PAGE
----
Chuck Floyd, Global President of Operations of Hyatt, just sent out an email to Hyatt guests noting a credit card breach that occurred earlier this year.
- Breach took place between March 18, 2017 and July 02, 2017
- 11 countries (including the USA and two territories) were impacted
- Only credit card info (including CID/CVV) was compromised
- Hyatt is offering guests free credit monitoring
Here’s the full letter:
Dear Hyatt Guest,
We understand the importance of protecting customer information and securing our systems, and we regret to inform you that we self-discovered signs of and resolved unauthorized access to payment card information from cards manually entered or swiped at the front desk of certain Hyatt-managed locations between March 18, 2017 and July 2, 2017.
What Information Was Involved
I want to assure you that there is no indication that information beyond that gained from payment cards – cardholder name, card number, expiration date and internal verification code – was involved.
What We Are Doing
Upon discovery, we launched a comprehensive investigation to understand what happened and how this occurred, including engaging leading third-party experts, payment card networks and authorities. Our enhanced cybersecurity measures and additional layers of defense implemented over time helped to identify and resolve the issue. As a result of measures we have taken to prevent this from happening in the future, guests can feel confident using payment cards at Hyatt hotels worldwide.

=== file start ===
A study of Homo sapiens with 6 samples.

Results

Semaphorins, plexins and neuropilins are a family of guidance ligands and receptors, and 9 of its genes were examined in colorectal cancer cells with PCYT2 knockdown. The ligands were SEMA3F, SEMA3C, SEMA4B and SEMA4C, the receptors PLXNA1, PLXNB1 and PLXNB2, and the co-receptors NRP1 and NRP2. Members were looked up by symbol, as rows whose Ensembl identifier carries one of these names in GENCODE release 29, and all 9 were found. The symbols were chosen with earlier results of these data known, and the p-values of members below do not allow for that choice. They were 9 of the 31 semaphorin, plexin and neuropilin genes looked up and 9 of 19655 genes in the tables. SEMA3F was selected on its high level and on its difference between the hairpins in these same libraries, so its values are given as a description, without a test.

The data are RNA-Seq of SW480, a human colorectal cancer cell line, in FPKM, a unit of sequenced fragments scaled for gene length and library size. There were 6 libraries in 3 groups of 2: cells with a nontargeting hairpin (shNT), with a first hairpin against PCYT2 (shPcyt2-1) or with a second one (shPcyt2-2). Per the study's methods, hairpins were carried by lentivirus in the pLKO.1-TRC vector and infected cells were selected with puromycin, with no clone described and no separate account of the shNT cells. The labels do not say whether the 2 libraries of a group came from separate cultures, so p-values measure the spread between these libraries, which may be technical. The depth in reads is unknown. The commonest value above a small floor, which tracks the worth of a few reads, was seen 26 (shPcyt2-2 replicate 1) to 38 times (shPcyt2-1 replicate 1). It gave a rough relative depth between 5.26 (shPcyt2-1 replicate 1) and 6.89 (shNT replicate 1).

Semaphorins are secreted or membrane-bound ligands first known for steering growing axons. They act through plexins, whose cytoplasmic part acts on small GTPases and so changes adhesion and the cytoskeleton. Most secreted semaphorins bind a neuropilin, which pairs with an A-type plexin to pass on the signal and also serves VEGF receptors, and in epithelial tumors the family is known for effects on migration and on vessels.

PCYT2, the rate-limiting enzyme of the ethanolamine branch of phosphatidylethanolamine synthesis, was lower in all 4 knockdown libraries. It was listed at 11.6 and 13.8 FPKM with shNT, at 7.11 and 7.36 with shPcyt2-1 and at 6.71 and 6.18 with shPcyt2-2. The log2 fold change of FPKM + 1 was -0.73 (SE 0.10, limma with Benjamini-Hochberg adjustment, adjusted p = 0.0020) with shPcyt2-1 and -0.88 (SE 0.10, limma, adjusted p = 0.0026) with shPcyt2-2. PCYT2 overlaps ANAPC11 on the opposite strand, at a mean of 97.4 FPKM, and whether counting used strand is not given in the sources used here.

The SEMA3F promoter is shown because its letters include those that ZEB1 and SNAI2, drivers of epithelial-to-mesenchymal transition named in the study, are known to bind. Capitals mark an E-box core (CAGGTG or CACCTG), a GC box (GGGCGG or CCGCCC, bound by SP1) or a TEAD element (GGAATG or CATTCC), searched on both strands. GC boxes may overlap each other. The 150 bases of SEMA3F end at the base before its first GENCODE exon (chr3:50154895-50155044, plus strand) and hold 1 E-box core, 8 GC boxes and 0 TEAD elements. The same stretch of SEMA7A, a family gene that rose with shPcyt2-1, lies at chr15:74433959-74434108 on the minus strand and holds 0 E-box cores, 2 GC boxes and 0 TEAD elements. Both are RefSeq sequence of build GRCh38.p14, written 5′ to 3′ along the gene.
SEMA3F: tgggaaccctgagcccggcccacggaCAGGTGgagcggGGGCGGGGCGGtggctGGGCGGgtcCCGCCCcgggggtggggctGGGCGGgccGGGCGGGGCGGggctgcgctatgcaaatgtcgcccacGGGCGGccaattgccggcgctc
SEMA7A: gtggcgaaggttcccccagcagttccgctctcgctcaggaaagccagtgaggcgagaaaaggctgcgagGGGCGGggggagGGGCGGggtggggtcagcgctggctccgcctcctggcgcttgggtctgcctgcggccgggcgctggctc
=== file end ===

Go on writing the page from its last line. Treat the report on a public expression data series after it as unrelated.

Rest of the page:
What You Can Do
We estimate that the incident affected a small percentage of payment cards used by guests who visited the group of affected Hyatt hotels during the at-risk time period, but the available information and data does not allow Hyatt to identify the specific payment cards that may have been affected. It’s important to Hyatt that we notify our guests and provide helpful information about steps you can take, and you are receiving this communication because you have been identified as a guest who checked in to an affected hotel during the at-risk time period. As always, the primary step customers can take is to review their payment card account statements closely and report any unauthorized charges to their card issuer immediately.
For More Information
For frequently asked questions and a list of affected hotels and respective at-risk dates, please visit hyatt.com/protectingourcustomers. If you have questions or would like more information, please call +1-855-474-9288 (English) or +1-402-938-3421 (Spanish/English) from 7:00 a.m. to 9:00 p.m. CST.
We sincerely regret that this incident occurred and apologize for any inconvenience or concern this may cause you.
Global President of Operations
Hyatt Hotels Corporation
Which Hyatt Hotels Were Breached?
Hyatt provides a full list of hotels breached here.
Hotels in the USA include:
- Koloa, HI // Grand Hyatt Kauai Resort and Spa // March 18, 2017 to July 2, 2017
- Lahaina, HI // Hyatt Regency Maui Resort and Spa // March 18, 2017 to July 2, 2017
- Wailea, HI // Andaz Maui at Wailea Resort // March 18, 2017 to July 2, 2017
U.S. territories in Guam and Puerto Rico were also affected.
Other nations include:
- Saudia Arabia
- South Korea
Thanks to robust credit card protections against fraud, most customers are unlikely to be negatively affected by this news. Still, it is always concerning (in light of the Equifax breach) how easy it is to intercept sensitive information.